Anyone who knows me knows I love dogs. I get many shares of dog videos. But why am I posting this dog agility video here?
As I watched this one, it hit me that it is a great metaphor that carries a lesson I’d like to share with you about something I see far too often. You probably do, too.
Look at this poor guy in the video, dutifully lumbering through these hurdles. Oh sure, he’ll get through it eventually with enough coaxing. And sympathetic people will applaud his efforts. But because his unique qualities and abilities aren’t suitably matched to the demands of the task at hand, we don’t get excited like when a Sheltie or some other breed takes to this challenge. We aren’t moved to ‘oohs’ and ‘aaaahs’ as we watch this performance; we are left only knowing what this fella isn’t cut out for. And the saddest thing? We’ll draw conclusions about him based on bad info. We regard him as undesirable or unfit because we don’t see the attributes he does have and how they can deliver if given the right task.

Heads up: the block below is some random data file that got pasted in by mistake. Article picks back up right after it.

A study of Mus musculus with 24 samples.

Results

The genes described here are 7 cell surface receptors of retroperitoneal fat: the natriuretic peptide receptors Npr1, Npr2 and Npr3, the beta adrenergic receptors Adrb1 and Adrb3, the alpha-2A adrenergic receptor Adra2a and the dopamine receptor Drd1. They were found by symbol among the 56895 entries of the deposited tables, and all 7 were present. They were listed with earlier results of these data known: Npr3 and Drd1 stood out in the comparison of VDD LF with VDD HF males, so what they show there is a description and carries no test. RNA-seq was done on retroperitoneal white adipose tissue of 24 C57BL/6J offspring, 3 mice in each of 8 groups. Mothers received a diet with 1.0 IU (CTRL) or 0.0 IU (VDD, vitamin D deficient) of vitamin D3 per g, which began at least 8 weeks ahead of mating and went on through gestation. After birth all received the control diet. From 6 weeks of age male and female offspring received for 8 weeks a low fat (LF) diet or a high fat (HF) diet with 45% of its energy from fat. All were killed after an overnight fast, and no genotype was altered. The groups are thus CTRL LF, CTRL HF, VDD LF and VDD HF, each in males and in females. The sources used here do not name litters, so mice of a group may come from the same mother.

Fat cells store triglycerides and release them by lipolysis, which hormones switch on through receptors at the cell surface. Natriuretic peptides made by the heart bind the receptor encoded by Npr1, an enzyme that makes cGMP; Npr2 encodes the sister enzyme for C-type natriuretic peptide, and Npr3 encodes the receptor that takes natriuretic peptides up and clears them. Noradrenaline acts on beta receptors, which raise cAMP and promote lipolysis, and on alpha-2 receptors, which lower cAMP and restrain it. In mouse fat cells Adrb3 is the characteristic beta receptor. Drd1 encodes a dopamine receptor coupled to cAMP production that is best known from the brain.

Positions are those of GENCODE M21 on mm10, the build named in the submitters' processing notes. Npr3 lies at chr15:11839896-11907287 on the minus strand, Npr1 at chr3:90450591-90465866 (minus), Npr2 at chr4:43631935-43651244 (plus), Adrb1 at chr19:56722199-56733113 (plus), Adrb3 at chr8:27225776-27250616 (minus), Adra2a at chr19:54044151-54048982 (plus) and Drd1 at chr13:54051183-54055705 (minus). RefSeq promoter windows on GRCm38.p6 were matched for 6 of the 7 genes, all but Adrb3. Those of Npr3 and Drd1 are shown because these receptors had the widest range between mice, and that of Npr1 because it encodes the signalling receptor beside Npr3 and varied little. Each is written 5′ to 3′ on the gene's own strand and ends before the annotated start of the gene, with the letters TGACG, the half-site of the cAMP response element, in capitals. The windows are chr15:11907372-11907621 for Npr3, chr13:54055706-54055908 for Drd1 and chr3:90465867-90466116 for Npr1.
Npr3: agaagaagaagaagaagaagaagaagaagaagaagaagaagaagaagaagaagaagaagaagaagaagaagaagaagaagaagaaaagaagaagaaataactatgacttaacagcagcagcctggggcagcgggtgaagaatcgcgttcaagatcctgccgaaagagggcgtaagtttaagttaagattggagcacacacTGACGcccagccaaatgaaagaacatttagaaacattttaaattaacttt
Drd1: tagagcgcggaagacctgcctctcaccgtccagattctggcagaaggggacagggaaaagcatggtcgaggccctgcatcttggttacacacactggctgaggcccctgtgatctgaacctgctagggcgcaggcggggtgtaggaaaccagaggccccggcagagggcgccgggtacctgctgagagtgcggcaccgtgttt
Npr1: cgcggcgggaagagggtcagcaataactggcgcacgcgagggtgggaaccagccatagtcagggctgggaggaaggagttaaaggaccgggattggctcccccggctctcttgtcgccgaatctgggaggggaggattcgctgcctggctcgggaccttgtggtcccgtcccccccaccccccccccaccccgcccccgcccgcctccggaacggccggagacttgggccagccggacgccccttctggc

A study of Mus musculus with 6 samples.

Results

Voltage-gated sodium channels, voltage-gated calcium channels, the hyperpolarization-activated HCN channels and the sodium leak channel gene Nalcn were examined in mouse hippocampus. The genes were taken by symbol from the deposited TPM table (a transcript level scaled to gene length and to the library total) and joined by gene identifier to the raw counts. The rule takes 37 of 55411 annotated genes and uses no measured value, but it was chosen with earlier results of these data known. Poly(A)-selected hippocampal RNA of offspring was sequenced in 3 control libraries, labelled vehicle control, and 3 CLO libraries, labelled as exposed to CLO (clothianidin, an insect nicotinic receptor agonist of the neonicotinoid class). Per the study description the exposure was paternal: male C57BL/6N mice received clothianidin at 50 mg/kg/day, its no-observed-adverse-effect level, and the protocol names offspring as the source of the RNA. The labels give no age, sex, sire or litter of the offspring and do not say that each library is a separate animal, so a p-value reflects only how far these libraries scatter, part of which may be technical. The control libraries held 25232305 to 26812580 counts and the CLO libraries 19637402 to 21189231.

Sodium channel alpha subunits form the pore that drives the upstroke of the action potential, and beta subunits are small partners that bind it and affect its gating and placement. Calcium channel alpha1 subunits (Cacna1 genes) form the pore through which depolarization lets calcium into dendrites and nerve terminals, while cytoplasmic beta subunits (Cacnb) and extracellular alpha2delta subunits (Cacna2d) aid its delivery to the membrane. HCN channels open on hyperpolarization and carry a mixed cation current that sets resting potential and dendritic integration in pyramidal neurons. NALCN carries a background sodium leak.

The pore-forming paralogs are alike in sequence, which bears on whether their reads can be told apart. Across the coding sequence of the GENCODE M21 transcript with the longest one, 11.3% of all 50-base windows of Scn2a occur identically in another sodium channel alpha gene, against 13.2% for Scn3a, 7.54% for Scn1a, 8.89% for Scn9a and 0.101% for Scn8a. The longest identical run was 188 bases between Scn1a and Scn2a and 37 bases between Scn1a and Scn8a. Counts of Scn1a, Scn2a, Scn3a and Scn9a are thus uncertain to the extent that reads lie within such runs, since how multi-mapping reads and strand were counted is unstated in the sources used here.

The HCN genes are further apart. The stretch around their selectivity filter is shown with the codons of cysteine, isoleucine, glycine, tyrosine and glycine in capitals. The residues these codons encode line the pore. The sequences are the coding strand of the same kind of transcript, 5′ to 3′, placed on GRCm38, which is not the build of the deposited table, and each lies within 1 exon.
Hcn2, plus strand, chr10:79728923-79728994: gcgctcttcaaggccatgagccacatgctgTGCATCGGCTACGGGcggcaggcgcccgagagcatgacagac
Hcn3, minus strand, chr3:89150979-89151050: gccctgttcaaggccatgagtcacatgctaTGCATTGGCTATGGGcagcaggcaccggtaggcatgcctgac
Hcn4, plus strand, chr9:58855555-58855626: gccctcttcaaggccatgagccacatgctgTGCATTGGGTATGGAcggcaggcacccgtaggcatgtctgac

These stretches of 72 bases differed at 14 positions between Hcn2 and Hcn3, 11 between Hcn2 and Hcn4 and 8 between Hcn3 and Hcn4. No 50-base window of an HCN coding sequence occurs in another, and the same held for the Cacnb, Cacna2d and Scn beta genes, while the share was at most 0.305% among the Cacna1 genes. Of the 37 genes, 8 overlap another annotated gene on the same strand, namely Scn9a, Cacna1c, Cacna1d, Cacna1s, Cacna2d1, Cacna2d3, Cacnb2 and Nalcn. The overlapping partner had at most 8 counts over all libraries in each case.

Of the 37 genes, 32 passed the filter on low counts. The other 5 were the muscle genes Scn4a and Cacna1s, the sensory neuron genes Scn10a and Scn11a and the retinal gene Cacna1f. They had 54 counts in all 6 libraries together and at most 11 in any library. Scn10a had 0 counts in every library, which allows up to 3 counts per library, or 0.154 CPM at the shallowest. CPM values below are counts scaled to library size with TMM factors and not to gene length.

That’s what I learned from this video and here are the questions it brought to mind:
- How many times do we select, hire, or promote by ‘mis-pairing’ a person to a role or a leader to team and then wonder why we don’t have happy, engaged people and high performing organizations?
- How hard does a business work to surface what it really takes to succeed in a role?
- How often do people succeed in acing the interview, get the job then lose it because they can’t sustain doing what is unnatural but required in the job?
Here’s a scarier one for parents or teachers reading this blog.
How often do we urge our children or other young people to pursue something which is out of balance with their unique abilities, interests, motivations and talents?
Assessing, uncovering and understanding the natural talent, strengths, ability and values of people. Understanding the demands and expectations of work and leadership. Properly pairing and helping to develop these to create engaged, high performing lives and organizations. That’s the work of Luttinger Associates and we work doggedly to do it well.